By Jeff Thomas

The progressive and inspirational act of removing the Confederate monuments that littered the New Orleans skyline is in danger of turning into a hollow act of triviality.  By showing strong leadership, Mayor Mitch Landrieu elevated New Orleans’ status to a progressive, trend-setting Southern city.  But this status may be as effervescent as an Alka Seltzer in water and become the exemplification for those either wishing to proclaim the wrongness of the efforts or those who were more interested in not disturbing the sense of peace and calm.  All of us agree that the monuments were just symbolic, but now that the monuments are down, what can we do to really make New Orleans a progressive city?


The reason many people do not vote is because elected officials rarely act boldly and stridently like Landrieu did by removing those despicable monuments.  In fact, rarely do elected officials get to connect directly with the public.  Typically, mundane and less sexy acts like balancing the budget by outsourcing citywide grass cutting stock and stoke the debates between officials.  And for the term limited Democratic Mayor of New Orleans only few options remain that will catapult his personality onto the national stage. 

If the mayor wishes to fulfill any national aspirations, New Orleans provides remarkably fertile soil to act similarly dauntlessly and courageously.  In fact, making one ostensibly minor change can transform the ground upon which we all traverse daily, and New Orleans can be placed high on a pedestal and be the national model for progressiveness and life enriching policy.  Ironically, that unexciting option to connect to and transform people’s lives is also a sexy mother.  Car Boots.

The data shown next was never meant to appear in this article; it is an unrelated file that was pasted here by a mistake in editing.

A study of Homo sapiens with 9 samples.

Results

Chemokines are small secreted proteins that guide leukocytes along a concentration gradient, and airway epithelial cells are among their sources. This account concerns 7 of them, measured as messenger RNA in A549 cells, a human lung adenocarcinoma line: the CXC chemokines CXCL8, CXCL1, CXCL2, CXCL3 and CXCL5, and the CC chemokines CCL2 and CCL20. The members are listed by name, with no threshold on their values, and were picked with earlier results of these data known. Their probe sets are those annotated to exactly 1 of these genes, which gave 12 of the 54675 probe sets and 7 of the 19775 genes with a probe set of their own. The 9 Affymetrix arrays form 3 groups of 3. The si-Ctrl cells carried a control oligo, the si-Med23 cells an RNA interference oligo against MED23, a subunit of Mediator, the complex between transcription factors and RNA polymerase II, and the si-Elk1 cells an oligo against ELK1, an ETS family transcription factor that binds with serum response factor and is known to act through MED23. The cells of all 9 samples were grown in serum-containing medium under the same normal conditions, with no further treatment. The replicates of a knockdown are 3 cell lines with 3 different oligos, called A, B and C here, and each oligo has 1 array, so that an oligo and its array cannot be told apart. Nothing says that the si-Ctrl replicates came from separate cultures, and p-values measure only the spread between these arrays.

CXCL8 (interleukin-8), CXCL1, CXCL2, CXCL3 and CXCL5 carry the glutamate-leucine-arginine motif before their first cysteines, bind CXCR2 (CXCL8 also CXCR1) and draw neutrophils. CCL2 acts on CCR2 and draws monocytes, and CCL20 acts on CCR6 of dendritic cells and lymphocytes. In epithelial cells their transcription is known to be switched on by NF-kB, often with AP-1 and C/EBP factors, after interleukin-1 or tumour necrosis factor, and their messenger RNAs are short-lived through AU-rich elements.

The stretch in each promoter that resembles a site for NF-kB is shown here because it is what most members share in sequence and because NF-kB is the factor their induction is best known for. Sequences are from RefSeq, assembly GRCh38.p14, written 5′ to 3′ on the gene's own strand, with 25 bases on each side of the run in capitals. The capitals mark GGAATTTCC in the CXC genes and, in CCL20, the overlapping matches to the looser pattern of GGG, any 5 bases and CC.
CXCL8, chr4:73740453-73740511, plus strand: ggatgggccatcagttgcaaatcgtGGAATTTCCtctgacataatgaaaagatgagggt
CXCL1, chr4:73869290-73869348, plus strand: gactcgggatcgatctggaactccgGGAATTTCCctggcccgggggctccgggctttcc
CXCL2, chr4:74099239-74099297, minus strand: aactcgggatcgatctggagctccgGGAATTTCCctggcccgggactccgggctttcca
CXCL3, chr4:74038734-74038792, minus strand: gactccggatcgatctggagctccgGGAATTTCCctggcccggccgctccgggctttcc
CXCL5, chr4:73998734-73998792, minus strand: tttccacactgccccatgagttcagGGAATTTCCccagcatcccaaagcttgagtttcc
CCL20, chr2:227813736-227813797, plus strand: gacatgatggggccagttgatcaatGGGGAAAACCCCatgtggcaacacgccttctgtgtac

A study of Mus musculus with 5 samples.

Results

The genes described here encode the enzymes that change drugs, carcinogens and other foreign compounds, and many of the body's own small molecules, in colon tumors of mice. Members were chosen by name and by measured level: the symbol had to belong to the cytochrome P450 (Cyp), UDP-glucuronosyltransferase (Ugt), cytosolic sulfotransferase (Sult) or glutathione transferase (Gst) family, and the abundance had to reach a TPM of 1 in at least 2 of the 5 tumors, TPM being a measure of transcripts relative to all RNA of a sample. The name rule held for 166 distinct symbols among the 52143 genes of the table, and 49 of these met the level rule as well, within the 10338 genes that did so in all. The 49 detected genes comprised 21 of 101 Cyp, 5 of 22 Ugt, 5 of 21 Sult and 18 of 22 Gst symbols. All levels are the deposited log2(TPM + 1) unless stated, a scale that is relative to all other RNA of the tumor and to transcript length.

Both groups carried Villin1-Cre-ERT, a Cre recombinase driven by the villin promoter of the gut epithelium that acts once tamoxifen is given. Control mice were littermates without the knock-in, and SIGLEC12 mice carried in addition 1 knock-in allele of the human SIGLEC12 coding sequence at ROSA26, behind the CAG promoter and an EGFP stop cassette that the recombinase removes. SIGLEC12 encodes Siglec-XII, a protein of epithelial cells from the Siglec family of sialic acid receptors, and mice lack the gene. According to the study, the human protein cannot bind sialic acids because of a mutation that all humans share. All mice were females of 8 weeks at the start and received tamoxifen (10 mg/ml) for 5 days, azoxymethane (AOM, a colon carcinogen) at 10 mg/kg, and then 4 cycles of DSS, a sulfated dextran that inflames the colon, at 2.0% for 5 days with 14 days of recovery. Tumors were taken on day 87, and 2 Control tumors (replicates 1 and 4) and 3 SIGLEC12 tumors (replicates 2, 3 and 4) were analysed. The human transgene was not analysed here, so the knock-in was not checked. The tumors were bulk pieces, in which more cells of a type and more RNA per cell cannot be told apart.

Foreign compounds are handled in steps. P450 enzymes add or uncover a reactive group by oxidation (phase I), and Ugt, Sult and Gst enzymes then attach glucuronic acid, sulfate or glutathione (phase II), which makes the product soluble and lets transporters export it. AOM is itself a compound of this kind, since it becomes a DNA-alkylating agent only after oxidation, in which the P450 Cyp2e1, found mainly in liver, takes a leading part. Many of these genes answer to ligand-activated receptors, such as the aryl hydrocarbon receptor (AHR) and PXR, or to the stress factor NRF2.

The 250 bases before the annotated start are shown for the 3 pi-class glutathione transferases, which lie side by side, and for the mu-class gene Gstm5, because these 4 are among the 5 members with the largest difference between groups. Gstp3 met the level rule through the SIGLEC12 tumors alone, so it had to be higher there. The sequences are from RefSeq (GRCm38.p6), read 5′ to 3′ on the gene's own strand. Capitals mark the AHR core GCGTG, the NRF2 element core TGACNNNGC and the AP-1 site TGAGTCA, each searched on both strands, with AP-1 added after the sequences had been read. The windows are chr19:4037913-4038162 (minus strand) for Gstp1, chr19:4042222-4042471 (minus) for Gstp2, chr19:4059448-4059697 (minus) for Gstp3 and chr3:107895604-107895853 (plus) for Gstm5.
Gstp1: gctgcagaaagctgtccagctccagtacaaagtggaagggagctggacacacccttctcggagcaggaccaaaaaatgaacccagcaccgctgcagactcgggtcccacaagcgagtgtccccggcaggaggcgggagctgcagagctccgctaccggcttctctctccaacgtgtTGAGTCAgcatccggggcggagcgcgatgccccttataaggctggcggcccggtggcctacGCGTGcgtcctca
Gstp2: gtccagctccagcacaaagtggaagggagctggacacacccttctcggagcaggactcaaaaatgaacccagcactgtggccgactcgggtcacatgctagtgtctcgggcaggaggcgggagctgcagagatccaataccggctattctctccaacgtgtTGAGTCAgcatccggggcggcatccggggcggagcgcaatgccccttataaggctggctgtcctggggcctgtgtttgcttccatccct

A Simple and Practical Solution

For a poor man or woman, having the government immobilize and hold for ransom your only means of transportation is more than just a simple government policy.   After an 8 hour day at $8 per hour on a labor intensive job, walking out to find an orange boot and a sticker on your car is gut wrenching.  And after calling the number on the sticker to find the cost to have the boot removed is nearly a month’s pay, despair is a real response.  For the same reasons that New Orleans has eliminated bond for many nonviolent criminal offenses, eliminating car boots is a bad policy that must be reversed.

During the debate to eliminate bond for nonviolent offenses, the predominant and compelling factor was that just missing a week of work leads to calamitous results like family disintegration, housing loss and job loss.  A core tenant of the regional trend to reduce incarceration is the understanding that for poor, pay check to pay check survivors, one slight disturbance can tumble the whole deck of cards.

In a city where low wage tourism jobs are the norm, people are struggling.  Study after study shows people in New Orleans lead precarious lives, with various threats to their normalcy.  For too long our government has attacked our citizens through a system of fines and fees that people must navigate.  But the administration’s heavy reliance on car boots to balance the budget is an easily correctable and simple fix that will actually add stability to people’s lives.

Make no mistake, good jobs are few and far between in New Orleans and the city should not only create more good jobs, but should support those who are fortunate enough to have one.  For Mayor Landrieu, this simple but innovative approach requires the same sensitivity to people that he expressed when he said, “This is…about showing the whole world that we as a city and as a people are able to acknowledge, understand, reconcile and most importantly, choose a better future for ourselves making straight what has been crooked and making right what was wrong. Otherwise, we will continue to pay a price with discord, with division and yes with violence.”

Small but impactful policies will decrease crime, increase affluence and transform New Orleans.  Then Mayor Landrieu can fill the void for the DNC.

To read why boots create crime, read this article.